Mikel Prieto, M.D. (transplant surgeon, Mayo Clinic Transplant Center): A transplant patient is no different than a healthy patient in most respects. At Mayo Clinic we have the tools to make things happen in a speedy way, so we can get you transplanted and get you back to life. Here we see conditions that, in many other places, a doctor like me would see only once a year. Here we see them all of the time because people come from all over the world to be treated for these unique conditions. So what's unique and strange in other places is almost commonplace here.
Raymond L. Heilman, M.D. (nephrologist, Mayo Clinic Transplant Center): Kidney transplant is a very complex process, and it involves multiple disciplines. And patients who come to us need multiple disciplines. We're all here. We're all under one roof. We're really the only integrated national transplant program in the country. One common problem is you may come in for a kidney transplant and you may have a donor, say your friend, but you and your friend are not blood type compatible. One way to get around the problem is an innovative approach called paired kidney exchange.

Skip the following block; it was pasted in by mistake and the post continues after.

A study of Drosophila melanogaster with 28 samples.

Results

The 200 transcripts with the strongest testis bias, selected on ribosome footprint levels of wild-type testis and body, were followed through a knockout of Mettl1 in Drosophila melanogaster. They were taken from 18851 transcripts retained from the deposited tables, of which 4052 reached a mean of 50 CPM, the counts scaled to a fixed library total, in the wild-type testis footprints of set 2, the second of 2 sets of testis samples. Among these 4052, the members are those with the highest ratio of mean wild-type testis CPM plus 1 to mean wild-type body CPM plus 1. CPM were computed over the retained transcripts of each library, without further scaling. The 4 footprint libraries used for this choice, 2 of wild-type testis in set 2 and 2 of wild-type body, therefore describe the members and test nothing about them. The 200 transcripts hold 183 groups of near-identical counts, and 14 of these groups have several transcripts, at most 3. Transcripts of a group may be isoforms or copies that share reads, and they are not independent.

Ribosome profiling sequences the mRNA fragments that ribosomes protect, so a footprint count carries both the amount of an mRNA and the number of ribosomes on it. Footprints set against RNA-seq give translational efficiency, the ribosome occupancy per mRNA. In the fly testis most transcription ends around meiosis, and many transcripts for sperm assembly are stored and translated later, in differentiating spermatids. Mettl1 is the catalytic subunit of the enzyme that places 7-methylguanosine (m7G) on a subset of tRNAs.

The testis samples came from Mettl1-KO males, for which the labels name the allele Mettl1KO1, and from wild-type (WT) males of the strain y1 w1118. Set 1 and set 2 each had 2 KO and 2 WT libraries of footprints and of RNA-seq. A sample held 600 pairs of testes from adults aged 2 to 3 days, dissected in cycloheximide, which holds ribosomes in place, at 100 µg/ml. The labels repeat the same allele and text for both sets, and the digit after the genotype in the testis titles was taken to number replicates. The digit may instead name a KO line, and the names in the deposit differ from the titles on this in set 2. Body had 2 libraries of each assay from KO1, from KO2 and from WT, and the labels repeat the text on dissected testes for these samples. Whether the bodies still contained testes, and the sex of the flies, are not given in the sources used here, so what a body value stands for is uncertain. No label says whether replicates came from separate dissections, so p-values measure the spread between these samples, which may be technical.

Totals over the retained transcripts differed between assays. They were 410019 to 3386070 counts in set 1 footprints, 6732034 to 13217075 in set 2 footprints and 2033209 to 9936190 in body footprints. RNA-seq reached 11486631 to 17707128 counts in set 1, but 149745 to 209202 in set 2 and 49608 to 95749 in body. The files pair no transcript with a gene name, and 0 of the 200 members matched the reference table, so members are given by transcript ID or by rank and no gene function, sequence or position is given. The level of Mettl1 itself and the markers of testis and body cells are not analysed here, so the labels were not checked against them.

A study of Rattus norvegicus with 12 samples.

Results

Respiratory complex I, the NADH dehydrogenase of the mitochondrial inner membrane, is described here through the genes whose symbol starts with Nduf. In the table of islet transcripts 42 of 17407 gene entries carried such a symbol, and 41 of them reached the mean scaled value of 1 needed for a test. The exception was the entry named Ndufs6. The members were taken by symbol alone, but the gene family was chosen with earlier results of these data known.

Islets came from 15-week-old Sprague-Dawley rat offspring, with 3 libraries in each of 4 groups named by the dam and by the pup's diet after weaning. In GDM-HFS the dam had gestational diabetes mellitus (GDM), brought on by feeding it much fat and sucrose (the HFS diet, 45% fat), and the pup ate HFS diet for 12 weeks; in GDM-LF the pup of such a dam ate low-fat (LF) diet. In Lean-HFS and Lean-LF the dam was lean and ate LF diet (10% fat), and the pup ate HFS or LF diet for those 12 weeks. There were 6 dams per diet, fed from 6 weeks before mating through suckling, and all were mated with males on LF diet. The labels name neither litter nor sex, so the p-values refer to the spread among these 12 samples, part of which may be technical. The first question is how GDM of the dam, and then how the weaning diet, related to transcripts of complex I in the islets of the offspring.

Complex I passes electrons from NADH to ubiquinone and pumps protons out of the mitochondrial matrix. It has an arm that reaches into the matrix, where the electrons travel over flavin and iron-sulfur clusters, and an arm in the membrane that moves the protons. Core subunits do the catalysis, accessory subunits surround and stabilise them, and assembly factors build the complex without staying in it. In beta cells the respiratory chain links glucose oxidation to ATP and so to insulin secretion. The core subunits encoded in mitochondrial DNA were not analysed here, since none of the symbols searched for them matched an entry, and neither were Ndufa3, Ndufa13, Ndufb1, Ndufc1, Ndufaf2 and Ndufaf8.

Martin L. Mai, M.D. (nephrologist, Mayo Clinic Transplant Center): Currently we're able through all three Mayo sites to pool our patients together. The match allows us to do more living-donor transplants than we would without the matching process.
Mikel Prieto: By far the most rewarding part of my job is seeing somebody who comes in sick, frequently scared and desperate, and telling them, we have a good option for you. We can fix this.